NEW YORK (JTA) — Israel’s new foreign minister was interrogated for more than seven hours in a laundering case.
The questioning Thursday of Avigdor Lieberman came just two days after his swearing-in.
The Yisrael Beiteinu leader, who a day earlier had stirred controversy with remarks that Israel was not bound by the Annapolis agreements, was grilled at an undisclosed location over suspicions of bribery, money laundering, fraudulent receipt of goods and breach of public trust.
"Lieberman answered all of the questions put to him, and will answer any future questions," Yaron Kostelich, the foreign minister’s lawyer, told The Jerusalem Post.
The interrogation was conducted by detectives from the National Fraud and anti-organized crime units. Police said the interrogation had been coordinated several days in advance, and that the questioning would resume at a future date.
Lieberman is suspected of using a Cypriot bank account registered under the name of his daughter, Michal, to launder millions of shekels in funds.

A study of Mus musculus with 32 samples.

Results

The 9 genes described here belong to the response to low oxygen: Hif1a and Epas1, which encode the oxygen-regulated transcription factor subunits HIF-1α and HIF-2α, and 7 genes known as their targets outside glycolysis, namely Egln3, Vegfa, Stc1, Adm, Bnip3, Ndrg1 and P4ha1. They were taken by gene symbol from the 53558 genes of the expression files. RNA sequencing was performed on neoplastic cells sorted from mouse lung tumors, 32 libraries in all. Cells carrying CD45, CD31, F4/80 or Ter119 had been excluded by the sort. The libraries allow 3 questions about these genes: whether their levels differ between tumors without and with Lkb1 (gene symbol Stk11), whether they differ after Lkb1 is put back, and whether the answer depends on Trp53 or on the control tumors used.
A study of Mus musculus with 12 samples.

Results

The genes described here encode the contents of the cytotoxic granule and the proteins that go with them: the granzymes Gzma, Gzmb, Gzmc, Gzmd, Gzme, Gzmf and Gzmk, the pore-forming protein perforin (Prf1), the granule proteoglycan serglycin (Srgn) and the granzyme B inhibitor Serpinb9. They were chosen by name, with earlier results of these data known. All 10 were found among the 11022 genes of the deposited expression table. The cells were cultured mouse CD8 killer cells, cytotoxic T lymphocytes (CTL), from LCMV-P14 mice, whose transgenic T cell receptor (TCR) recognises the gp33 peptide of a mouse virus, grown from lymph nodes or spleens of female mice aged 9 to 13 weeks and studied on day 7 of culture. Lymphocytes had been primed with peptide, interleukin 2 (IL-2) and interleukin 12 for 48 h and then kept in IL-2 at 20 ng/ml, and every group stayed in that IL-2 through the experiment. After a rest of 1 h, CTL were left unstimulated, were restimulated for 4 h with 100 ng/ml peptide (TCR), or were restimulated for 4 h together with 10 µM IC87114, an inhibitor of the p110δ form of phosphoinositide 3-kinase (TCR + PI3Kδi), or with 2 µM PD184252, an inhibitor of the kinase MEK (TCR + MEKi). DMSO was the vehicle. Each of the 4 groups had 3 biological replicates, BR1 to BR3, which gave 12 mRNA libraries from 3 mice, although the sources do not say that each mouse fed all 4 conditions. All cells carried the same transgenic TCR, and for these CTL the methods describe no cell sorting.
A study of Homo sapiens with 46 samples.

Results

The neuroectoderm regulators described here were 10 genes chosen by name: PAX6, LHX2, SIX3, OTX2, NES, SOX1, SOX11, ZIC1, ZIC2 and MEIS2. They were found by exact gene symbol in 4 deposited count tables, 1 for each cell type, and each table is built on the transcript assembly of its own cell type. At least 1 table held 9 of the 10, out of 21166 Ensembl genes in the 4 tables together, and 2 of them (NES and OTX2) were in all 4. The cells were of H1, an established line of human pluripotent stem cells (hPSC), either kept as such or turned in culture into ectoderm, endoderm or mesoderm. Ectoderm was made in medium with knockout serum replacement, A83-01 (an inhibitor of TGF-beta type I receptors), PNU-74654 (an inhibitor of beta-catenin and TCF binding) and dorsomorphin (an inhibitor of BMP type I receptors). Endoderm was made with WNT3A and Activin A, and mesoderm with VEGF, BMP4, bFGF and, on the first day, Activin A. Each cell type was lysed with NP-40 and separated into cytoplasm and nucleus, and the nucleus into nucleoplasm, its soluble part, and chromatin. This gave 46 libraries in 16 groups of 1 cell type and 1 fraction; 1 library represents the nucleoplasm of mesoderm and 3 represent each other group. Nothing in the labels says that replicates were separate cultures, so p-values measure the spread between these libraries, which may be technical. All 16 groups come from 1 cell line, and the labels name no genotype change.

Police are believed to have amassed sufficient evidence to link Lieberman with money laundering charges, a former National Fraud Unit investigator told the Post last month.
Police also suspect Lieberman of accepting hundreds of thousands of dollars in bribes between 2001 and 2004 while serving as national infrastructures minister and as transportation minister, allegedly receiving the funds from two businessmen.
Lieberman said Wednesday that while Israel is not obligated by commitments made at the 2007 Annapolis conference, which restarted peace talks between Israel and the Palestinians, it must adhere to the 2002 "road map" peace plan and would adhere to its requirements scrupulously.